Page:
Stuck in the waiting game

Derby leader finds it isn't always easy to be at the front of the pack

Posted: Sunday, May 26, 2002

If the Sixth Annual Spring King Salmon Derby ends next weekend and David Julian is still in the leader's spot, he won't need the service of a barber for a while.

"I'm just pulling the hair out of my head," Julian said last week. "I don't have much of it left. The stress is terrible."

Most anglers would enjoy sitting in the top spot of the derby, but Julian has found it a bit nerve-racking. He has been waiting since May 7 for somebody to top his 41.8-pound king salmon, but so far nobody as come close.

"Most of the people at work are harassing me," said Julian, who is employed by Madsen Development. "They're coming up to me at work saying that the radio just announced someone beat my fish. Then I find out they're pulling my leg."

Julian says he's also had to deal with becoming an instant celebrity of sorts.

"There's people driving down the road honking at me, shaking their fists," Julian joked. "I don't really know what to think about the attention."

It's no secret Julian hooked into his whopper near False Outer Point since there were several witnesses. On that day, fishing boats crowded into the little bay and the rock jockeys littered the shoreline in great numbers while Julian, fishing with his brother-in-law Chris Fenn, trolled with a herring.

"The thing hit and it immediately stripped off all my line," Julian said. "So my brother-in-law got behind the wheel and we charged after it."

By the time they wore the fish out, they were halfway to George's Rock. But after all that, it wasn't until Julian got the fish into the boat that he realized how big his catch was.

"I gaffed him and jerked him over." Julian said. "I had no idea about the size of the fish until he was coming over - he just kept coming and coming. I quote Frank Lee, who caught that 89-pounder in Hoonah a couple years ago: 'You should have heard it hit the bottom of the boat.' "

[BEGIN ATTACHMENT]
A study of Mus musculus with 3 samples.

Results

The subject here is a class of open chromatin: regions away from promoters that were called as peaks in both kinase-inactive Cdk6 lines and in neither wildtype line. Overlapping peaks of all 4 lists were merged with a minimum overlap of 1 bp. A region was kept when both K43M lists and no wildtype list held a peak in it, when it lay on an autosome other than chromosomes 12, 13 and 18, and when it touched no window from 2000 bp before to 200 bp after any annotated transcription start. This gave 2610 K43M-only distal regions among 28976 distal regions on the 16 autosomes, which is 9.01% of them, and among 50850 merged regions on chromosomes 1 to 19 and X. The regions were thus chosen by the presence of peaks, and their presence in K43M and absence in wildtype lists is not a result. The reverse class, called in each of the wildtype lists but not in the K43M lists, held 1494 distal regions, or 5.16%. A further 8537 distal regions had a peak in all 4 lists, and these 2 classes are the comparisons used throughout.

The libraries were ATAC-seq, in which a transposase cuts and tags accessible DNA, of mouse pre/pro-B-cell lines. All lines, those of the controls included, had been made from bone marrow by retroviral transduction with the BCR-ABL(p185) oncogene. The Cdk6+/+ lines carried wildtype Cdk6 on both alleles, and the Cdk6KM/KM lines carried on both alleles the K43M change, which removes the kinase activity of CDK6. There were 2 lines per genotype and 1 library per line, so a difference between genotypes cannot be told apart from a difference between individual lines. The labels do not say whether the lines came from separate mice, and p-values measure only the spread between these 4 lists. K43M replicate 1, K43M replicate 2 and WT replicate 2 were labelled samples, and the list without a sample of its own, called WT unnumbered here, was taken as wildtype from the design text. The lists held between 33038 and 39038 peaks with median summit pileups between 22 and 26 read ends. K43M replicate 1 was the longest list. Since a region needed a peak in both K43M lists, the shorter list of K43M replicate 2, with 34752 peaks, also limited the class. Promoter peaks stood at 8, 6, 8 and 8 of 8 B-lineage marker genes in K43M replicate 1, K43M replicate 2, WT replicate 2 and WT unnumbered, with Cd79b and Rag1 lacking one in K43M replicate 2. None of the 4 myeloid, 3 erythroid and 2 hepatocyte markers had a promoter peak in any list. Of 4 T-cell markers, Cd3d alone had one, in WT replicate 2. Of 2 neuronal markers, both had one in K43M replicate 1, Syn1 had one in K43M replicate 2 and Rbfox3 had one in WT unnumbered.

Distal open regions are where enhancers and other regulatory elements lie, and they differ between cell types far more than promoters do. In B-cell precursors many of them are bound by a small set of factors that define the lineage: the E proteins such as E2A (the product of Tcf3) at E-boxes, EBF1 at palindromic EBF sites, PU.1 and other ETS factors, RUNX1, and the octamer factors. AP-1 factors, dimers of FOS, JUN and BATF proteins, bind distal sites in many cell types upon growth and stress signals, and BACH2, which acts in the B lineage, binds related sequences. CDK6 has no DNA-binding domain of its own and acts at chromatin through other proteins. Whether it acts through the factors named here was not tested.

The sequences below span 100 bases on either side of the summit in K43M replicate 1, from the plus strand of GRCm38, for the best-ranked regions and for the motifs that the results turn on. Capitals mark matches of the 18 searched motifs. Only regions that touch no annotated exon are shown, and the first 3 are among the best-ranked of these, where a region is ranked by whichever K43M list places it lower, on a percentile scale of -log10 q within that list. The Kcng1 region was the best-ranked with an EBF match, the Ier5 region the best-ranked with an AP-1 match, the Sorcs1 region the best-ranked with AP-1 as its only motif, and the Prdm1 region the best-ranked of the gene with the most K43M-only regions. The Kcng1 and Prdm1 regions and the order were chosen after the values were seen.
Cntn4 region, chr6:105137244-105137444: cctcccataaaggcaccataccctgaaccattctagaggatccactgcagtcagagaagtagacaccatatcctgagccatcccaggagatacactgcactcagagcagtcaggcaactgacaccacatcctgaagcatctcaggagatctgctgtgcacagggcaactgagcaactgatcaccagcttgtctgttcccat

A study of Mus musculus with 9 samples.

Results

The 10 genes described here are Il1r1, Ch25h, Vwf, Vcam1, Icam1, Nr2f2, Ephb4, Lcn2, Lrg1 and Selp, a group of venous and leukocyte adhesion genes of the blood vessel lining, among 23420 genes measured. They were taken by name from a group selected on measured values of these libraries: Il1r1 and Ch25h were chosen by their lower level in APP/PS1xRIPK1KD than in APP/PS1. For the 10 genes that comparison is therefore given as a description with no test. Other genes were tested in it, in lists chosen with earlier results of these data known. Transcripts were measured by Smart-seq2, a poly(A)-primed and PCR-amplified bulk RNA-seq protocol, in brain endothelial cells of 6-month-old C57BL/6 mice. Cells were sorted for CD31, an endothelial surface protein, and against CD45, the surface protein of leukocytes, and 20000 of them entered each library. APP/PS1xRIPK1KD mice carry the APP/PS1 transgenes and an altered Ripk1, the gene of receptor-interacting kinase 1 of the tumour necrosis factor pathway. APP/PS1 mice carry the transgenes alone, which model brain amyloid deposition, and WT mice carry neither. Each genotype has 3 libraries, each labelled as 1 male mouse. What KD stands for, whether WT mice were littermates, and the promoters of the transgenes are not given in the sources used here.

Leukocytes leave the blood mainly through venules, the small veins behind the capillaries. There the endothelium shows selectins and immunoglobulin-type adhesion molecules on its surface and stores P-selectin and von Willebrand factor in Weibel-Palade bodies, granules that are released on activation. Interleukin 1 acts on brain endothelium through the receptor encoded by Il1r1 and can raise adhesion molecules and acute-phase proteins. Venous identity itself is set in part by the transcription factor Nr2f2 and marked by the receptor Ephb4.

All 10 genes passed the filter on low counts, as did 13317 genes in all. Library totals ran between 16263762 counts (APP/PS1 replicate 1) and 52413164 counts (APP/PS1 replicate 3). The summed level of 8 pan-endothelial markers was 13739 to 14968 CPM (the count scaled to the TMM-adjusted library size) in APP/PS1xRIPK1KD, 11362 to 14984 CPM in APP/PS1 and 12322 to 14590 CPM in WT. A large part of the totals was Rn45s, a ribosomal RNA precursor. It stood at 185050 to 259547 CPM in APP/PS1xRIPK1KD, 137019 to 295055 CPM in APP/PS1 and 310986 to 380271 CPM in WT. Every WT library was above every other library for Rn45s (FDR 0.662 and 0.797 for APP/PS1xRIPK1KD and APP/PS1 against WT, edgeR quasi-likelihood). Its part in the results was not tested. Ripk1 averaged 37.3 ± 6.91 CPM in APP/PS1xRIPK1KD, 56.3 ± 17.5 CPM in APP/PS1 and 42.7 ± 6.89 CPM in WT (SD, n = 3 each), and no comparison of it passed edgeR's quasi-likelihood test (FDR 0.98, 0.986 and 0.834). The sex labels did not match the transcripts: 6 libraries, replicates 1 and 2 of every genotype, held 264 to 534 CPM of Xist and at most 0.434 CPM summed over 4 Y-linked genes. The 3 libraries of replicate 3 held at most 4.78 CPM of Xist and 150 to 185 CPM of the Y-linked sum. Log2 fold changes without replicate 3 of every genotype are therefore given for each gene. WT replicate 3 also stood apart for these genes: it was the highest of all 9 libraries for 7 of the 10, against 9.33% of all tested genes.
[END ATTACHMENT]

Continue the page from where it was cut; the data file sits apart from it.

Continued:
Julian said he brought his catch back to False Outer Point to show off to the anglers on the beach, and then weighed it in at Jerry's Meats at 50.3 pounds in the round.

"It's bigger than anything I've ever caught, heck, it's bigger than anything I've ever seen," Julian said.

However, Julian is making no plans for the $8,000 in merchandise and prize money awarded to the derby winner. He thinks there is a very good chance someone will catch an even bigger salmon before the derby ends.

"I'm not counting any chickens until the eggs hatch," Julian said. "I think there is a good possibility that someone will beat it. I just hope they don't. If I get the $5,000, then I'll make plans."

This is not the first time Julian has been on the leaderboard of the spring salmon derby. In 1998, he placed 16th with a 29-pound king salmon he caught on the last day. It was the second fish Julian turned in for that derby. That fish knocked the first fish he entered out of 30th place, which paid out $500 in prize money.

"I didn't even claim my prize for 16th place because I was so sick to my stomach," he said.

Julian isn't giving up in this year's derby either. He says he's still fishing as much as he can, keeping an eye on the size of the salmon being pulled into neighboring boats.

"I've fished in all six derbies and I think it's a great thing," Julian said. "It's just going get a whole lot bigger too. Everyone's fishing for money - it's a war."

Jeff Kasper is a free-lance writer and former Empire sports reporter living in Juneau.